The Rediff Interview/Abdul Rahim Rather
The rise of Jammu & Kashmir Finance Minister Abdul Rahim Rather was prophesied by none other than the late Sheikh Mohammed Abdullah, founder of the National Conference. A member of the state legislative assembly since 1977, and a lawyer by profession, Rather was the architect of the Autonomy Committee report of the National Conference that was rejected by the Centre in 2000.
In an exclusive interview with Basharat Peer in Srinagar, he spoke about the prime minister's economic package for the state and the chances of his party in the forthcoming assembly elections.
How do you rate the economic package announced by the prime minister during his visit to Kashmir? Will it solve the problems that plague the violence-ridden valley?
We are not satisfied with the prime minister's economic package. It was no package and had nothing for the state government. It will not solve any of our immediate problems.
Because the package has completely ignored the state government's priorities. It focusses on railways and other security-related areas whereas the state government had a different focus. After what goes to the railways and police, there is hardly anything left for the state government.
We have no concern with the money allocated to the railway projects, which take more than half of the package. There is nothing new even in talking about railway projects, which are already going on.
What were you expecting then?
We were expecting help for rebuilding our basic infrastructure like schools, roads, bridges destroyed by years of militancy. We expected relief for our badly hit industrial units, tourism and horticulture -- that these would get priority on the economic package.
But our priorities were completely ignored. The tourism sector, which was a major revenue earner for the state and requires an immediate boost, did not even find a mention.
What did you finally get from the economic package?
Almost nothing. We got barely a few hundred crores out of the whole Rs 6,165 crore package. It is some money for the development of handicrafts and horticulture, which will come over a span of five years. How will that help the immediate problems we are facing in the valley?
But J&K is a "special category" state and the likes of the Northeast region get major concessions on the money allocated to it under the annual plan outlay. Comment.
Jammu & Kashmir was included in the special category states like the Northeast in 1969-70, which gets concessions in returning the money allocated under the five-year plans. The special category states get 90 per cent of the allocation as grant and 10 per cent as loan, which they have to repay [known as the 90-10 formula]. But the Centre turned a blind eye to J&K and the status was not applied to our state for decades together.
When was it finally applied?
The 90-10 formula was applied to J&K only during governor's rule in 1991. Just the accumulated interest we have to pay the Centre is Rs 1,250 crore, while the debt is around Rs 5,000 crore.
The Centre finally to agreed to it in principle, but did not give it the retrospective effect, which would have taken the burden of accumulated interest and loan off our shoulders.
But the annual plan allocation is still a lot of money to solve the developmental problems.
We have done whatever we could. But the Centre has not even provided the complete finances allocated according to the annual outlay plan to the state. This story has been repeating every year.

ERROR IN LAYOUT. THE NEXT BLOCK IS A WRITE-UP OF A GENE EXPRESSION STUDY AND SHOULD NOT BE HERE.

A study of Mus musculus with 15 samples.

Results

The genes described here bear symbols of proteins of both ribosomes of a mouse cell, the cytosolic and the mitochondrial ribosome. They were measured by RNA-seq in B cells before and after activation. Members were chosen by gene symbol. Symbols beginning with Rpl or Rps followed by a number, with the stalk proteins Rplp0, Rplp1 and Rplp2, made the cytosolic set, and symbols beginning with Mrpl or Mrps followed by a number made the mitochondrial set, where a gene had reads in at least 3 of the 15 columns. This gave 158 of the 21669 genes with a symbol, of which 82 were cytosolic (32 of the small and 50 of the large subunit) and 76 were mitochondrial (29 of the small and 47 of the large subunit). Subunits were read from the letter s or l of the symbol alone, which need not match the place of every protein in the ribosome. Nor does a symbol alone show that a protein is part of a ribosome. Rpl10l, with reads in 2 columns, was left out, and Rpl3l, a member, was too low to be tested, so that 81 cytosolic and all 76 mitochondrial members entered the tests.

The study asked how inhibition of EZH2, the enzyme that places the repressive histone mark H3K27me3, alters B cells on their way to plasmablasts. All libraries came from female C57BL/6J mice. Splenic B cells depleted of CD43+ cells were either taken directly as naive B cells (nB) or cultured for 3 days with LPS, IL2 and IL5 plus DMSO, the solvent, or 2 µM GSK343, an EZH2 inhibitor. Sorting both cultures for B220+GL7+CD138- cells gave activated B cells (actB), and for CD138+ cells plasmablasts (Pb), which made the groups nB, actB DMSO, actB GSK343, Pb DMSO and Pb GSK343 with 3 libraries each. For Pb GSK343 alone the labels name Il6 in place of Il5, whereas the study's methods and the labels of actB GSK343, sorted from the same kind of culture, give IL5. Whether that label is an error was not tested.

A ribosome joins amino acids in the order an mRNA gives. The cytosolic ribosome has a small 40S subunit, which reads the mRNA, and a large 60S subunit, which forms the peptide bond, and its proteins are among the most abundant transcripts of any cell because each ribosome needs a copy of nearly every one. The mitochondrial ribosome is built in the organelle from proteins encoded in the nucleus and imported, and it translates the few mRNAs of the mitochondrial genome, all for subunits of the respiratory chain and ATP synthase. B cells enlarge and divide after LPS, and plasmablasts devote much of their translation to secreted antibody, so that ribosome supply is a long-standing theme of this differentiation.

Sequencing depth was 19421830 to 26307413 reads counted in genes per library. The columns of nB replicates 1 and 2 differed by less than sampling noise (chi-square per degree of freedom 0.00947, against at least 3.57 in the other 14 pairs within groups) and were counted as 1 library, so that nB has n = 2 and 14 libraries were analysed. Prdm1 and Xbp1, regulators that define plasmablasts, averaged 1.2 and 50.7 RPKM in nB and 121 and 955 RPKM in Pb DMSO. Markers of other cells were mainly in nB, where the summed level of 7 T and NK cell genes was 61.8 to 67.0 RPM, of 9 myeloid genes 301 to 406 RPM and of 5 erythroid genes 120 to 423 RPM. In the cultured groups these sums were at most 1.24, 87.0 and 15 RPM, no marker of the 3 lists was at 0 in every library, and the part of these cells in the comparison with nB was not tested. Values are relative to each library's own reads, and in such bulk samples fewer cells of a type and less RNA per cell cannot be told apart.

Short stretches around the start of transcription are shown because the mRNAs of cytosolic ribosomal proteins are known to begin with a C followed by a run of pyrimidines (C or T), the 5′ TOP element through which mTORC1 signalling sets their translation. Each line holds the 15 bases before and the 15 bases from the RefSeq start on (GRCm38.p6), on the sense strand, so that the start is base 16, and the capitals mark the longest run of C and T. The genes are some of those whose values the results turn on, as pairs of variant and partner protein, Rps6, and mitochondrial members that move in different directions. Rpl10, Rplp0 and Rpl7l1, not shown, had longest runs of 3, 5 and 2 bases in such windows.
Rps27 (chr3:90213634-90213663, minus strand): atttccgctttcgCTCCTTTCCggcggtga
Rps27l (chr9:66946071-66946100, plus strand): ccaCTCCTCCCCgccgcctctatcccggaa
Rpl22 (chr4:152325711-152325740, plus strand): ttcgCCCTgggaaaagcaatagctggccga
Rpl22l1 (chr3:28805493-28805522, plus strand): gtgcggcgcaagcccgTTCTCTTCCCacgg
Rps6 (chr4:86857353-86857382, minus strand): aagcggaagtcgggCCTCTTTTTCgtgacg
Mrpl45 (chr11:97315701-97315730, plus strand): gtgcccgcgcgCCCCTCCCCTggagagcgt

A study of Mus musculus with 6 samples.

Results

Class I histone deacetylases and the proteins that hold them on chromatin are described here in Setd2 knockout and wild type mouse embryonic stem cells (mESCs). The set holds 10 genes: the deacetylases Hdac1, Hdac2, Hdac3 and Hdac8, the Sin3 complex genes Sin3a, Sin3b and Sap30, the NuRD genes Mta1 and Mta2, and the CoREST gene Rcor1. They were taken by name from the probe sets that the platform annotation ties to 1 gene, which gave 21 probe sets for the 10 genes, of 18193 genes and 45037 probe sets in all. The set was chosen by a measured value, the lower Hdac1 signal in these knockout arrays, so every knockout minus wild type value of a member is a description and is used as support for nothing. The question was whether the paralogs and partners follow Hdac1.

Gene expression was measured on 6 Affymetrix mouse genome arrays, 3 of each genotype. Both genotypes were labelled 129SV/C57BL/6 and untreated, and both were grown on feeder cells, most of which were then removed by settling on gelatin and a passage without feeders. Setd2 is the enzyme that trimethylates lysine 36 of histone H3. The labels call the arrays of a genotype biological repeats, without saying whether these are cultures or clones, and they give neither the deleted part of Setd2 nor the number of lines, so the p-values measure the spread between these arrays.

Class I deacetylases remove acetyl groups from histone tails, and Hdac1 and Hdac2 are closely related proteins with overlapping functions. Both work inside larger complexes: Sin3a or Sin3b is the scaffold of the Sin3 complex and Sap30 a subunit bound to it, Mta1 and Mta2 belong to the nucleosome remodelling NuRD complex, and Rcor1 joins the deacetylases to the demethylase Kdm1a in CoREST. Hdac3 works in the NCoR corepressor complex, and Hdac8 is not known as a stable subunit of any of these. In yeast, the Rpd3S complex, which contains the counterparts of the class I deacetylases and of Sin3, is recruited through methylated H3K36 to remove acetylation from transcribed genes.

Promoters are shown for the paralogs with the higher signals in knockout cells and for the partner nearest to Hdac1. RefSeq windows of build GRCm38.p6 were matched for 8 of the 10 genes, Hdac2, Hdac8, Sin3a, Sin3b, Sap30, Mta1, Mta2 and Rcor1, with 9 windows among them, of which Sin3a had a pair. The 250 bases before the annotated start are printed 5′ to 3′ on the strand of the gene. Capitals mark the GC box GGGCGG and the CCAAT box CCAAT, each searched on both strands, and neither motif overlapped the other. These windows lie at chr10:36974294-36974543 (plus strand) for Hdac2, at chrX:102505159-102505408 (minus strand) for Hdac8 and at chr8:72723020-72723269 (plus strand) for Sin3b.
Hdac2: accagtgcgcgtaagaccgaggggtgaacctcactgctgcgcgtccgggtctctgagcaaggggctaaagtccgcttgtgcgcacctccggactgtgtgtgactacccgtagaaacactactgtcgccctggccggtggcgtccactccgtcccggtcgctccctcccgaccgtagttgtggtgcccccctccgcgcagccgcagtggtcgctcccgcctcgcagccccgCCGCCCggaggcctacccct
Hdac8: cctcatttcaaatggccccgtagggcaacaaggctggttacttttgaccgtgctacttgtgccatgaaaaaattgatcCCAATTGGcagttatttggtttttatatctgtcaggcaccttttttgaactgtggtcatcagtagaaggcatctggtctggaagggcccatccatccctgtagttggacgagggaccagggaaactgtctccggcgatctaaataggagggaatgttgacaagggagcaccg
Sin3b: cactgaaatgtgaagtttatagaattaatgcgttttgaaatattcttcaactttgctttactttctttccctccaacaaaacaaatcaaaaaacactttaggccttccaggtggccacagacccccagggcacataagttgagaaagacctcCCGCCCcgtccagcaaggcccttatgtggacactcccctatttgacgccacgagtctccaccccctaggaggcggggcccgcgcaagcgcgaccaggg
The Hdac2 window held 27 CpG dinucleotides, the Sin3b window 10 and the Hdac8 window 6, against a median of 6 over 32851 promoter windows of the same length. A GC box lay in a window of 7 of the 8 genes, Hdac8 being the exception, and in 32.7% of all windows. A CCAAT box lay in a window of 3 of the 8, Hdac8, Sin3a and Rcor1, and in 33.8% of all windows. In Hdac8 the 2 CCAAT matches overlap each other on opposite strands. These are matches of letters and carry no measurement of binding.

What reasons does the Centre give?
They give us no reasons. The chief minister, Dr Farooq Abdullah, and I both have raised this issue with the Centre, but not much has changed. We are being discriminated against.
Even this year, out of the annual plan outlay of Rs 2,250 crore for J&K, the resources of only Rs 1,800 crore have been identified, which means the state will receive only that amount. From that amount too, we have asked for a loan of Rs 500 crore from NABARD at full interest. So the 90-10 formula applies to only Rs 1,300 crore of the annual outlay for us, which negates the special category status of J&K.
How do you interpret it?
It is not a healthy sign. The healing touch from the Centre is missing. The expectations of Kashmiris are not being fulfilled.
You have been the architect of the State Autonomy Committee's report, which was the main plank of the National Conference in the last election. What is your view on it now?
It took me two years of research to complete the autonomy report and the Centre did not even read it before dismissing it. One of the state government officers posted in Delhi told me that a Union Cabinet minister had asked for the report the night before they rejected it. He could not arrange for it during the night. The next day the Union Cabinet rejected it. That means they had not even read it!
Will you raise the autonomy issue again?
We have been raising the autonomy issue at every forum. It will be the main plank of the National Conference in the forthcoming election. We believe only autonomy can help the situation in the turbulent state.
Omar Abdullah is going to take over as the party president on June 12. Will he be your chief ministerial candidate for the assembly election? Have you begun preparations for the election?
In the National Conference there is nothing like a chief ministerial candidate. It is for our candidates, who become members of the legislative assembly, to elect the chief minister. The preparations for the elections have started and we are holding public rallies throughout the state.
What are the chances of the National Conference coming to power again?
There is no doubt about that. We will sweep the elections. We are confident.